IN a recent win for resource employers, the Fair Work Commission has rejected an unfair dismissal case after a former employee of a major coal miner was found to have breached OHS standards by removing a Komatsu 730E truck tyre without the required competencies to do so.

Background

In August 2013, an electrician at Macmahon’s Eaglefield site in Queensland’s Bowen Basin, was deemed to have breached site operating procedures when he removed the tyre of a Komatsu truck without the competencies to do so, thereby endangering both his life and the lives of others.

Prior to the incident, the employee asked his shift supervisor to sign off on a job hazard analysis (JHA) related to preparing one of the large loader trucks for a tyre change-out. He later admitted that he had underestimated the risk on the JHA and that a supervisor cannot legally direct an employee to undertake an unsafe task.

Failing to list his full intentions on the JHA form, including the removal of tyre cleats and nuts, the employee’s shift supervisor signed off on the form but gave instructions to only “set up” the truck for the tyre fitter. Despite this, the employee proceeded to handle the tyre without ‘sufficient caution and judgement’.

In the weeks following the incident, Macmahon dismissed the employee with pay in lieu of notice, stating in a letter that he had ‘engaged in a high risk task without the authority or competencies to do so; disregarded and breached site procedures he was aware of; and but the safety of himself and others at risk’.

The Decision

Shortly after dismissal, the employee lodged an unfair dismissal claim against Macmahon, represented by AMMA before the Fair Work Commission in a recent hearing.

In deciding whether or not the employee’s dismissal was unreasonable, Deputy President Hamilton noted that the employee had previously been warned on two occasions regarding unsafe conduct, adding weight to witness statements that his colleagues ‘had no confidence in his ability to operate’.

“In a coal mine, there is both individual responsibility, as indicated by the Coal Mine Safety and Health Act 1999, as well as responsibility of the company. The general view taken of [the employee] by those that worked with him and observed his conduct was that he did not approach those responsibilities in an appropriate fashion,” Deputy President Hamilton said.

“The conclusion I have formed is that [the employee] engaged in a course of conduct which was careless and which was extremely dangerous in that it could have injured himself or anybody who happened to be in the vicinity.”

He noted that a tyre is compressed energy, and is highly dangerous, and this energy can be released in an explosion if not handled correctly. DP Hamilton went on to emphasise the importance of safety, stating “I refuse to accept that I or the employer should turn a blind eye to conduct of such an unsafe nature”.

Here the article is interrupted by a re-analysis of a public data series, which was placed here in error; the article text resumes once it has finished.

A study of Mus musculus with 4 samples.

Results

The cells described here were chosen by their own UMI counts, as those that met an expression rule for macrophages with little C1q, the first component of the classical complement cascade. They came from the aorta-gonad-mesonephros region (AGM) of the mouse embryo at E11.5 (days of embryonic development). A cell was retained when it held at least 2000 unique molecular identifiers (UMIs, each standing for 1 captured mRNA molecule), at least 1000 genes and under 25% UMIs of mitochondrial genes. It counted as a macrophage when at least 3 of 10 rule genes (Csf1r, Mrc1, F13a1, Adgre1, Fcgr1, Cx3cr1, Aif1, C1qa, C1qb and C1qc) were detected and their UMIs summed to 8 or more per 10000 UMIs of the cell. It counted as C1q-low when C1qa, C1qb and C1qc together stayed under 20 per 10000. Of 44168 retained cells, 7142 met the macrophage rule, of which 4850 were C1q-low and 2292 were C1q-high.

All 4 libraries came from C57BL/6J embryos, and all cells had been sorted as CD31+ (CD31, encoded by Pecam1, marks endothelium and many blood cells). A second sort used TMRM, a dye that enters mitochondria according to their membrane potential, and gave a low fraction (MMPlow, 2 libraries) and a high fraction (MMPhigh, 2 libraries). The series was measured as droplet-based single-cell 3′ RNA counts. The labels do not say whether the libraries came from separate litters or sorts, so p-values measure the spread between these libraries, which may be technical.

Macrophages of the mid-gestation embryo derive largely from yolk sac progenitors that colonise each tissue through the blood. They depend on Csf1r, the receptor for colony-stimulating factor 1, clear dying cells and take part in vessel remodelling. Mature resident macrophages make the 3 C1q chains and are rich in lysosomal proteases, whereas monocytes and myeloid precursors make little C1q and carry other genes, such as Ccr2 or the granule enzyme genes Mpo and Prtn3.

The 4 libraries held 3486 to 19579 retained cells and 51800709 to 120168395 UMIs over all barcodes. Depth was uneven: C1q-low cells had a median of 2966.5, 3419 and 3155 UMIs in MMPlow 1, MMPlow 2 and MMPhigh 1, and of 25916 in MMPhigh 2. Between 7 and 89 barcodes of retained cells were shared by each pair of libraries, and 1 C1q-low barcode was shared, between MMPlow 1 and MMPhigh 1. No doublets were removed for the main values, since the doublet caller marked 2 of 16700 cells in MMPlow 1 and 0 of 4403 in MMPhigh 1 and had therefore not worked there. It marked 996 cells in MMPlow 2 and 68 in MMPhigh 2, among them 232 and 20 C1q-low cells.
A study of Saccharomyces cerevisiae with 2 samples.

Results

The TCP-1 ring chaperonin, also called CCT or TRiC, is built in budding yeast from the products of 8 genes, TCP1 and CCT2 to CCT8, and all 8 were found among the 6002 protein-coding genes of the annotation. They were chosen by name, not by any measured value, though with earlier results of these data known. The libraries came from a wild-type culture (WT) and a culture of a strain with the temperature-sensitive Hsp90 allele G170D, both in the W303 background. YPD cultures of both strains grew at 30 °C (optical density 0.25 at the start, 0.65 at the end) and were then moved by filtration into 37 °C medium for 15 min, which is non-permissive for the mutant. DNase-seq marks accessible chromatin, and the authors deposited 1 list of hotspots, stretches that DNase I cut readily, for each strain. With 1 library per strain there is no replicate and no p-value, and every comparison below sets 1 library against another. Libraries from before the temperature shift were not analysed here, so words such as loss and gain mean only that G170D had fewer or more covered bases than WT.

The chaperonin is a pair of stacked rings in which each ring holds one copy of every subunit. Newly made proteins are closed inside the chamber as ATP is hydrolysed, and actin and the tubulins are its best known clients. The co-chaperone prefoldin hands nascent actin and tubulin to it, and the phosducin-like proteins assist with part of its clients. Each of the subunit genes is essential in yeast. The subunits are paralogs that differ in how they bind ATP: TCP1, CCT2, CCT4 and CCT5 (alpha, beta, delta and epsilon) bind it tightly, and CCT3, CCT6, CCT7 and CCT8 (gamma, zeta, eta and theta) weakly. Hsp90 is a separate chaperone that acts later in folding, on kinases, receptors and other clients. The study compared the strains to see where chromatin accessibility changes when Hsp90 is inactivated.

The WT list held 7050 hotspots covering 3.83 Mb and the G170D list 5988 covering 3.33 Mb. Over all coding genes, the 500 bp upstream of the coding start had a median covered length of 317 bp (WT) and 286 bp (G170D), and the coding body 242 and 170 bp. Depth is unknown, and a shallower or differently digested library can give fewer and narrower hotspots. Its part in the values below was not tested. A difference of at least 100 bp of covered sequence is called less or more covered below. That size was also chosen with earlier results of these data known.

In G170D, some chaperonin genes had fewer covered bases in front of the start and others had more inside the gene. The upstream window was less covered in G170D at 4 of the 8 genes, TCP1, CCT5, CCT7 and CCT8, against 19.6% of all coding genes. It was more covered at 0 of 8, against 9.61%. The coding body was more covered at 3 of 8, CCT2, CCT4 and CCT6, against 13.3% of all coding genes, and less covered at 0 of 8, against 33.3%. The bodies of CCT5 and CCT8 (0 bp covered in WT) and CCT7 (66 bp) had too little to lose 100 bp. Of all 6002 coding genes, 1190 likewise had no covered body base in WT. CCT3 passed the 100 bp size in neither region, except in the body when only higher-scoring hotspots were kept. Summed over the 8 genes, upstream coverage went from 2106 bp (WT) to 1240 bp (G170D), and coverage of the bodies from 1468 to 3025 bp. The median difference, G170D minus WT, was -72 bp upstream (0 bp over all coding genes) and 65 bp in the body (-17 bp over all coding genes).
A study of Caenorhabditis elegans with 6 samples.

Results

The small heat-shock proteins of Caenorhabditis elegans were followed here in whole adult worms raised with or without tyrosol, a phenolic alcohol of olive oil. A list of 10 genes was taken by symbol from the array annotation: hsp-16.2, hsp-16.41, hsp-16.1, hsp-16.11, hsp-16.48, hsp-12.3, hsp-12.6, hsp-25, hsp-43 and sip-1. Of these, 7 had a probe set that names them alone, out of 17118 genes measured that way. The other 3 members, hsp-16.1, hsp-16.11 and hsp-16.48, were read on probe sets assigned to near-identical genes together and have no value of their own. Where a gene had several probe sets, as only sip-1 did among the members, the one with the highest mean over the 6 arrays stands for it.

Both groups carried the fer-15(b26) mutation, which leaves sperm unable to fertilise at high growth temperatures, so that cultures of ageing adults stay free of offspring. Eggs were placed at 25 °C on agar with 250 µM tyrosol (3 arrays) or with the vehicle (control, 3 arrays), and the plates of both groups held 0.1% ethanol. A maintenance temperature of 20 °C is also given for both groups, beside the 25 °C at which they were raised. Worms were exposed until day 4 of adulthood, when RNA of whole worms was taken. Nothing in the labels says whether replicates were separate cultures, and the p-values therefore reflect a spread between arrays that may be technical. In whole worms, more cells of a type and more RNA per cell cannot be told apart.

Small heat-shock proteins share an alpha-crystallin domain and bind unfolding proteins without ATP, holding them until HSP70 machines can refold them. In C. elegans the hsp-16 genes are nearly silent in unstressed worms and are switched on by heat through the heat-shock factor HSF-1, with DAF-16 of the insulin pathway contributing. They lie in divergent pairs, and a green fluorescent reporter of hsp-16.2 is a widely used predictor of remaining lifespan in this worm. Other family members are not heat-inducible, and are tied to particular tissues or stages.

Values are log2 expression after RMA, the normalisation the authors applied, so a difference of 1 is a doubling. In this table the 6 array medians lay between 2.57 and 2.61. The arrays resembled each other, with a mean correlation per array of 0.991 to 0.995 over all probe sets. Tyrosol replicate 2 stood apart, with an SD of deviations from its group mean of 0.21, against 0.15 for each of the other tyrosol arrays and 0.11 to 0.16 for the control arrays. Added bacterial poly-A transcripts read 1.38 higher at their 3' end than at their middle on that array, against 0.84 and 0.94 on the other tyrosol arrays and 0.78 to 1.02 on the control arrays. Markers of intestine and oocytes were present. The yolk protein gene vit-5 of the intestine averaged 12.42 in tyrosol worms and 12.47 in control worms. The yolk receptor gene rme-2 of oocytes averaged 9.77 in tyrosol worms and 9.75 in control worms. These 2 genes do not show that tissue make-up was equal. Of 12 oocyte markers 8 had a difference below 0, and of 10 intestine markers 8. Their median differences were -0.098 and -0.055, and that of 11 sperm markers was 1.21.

On Macmahon’s decision to dismiss the employee, DP Hamilton said the organisation’s right to apply disciplinary procedures to enforce safe conduct in a dangerous place like a coal mine was balanced by evidence that a rigorous approach to safety and training employees existed within the company.

“Other employees entered into that training in good faith and respected the approach taken by Macmahon to training, and were concerned about the inappropriate approach to safety issues taken by the applicant,” DP Hamilton said.

Implications for Employers

Occupational health and safety on resource projects is of paramount importance, making it a top priority for resource employers in terms of training, implementation and maintenance.

The numerous facets of safe conduct on-site can make the OHS field a highly complex one, but first and foremost is ensuring your employees are qualified to carry out the duties they have been allocated. Of particular importance is the renewal and continuous update of qualifications to reflect new practices and technologies.

Fortifying safe work practices also means training your supervisory and managerial staff to carry out checks and balances that prevent unqualified individuals from carrying out procedures outside of their operational capacity.

A common strategy for managing these elements is the implementation of a code of conduct that outlines your organisation’s expectations for safe work practices. Including disciplinary actions liable to be taken in the event of a breach will reinforce the importance of good OHS, while also mitigating potential pressures associated with organisational response to unsafe conduct.

If you’d like advice about occupational health and safety on your worksite, including information about compliance with safe work legislation, contact your local AMMA office and speak to one of our AMMA employee relations consultants by clicking here.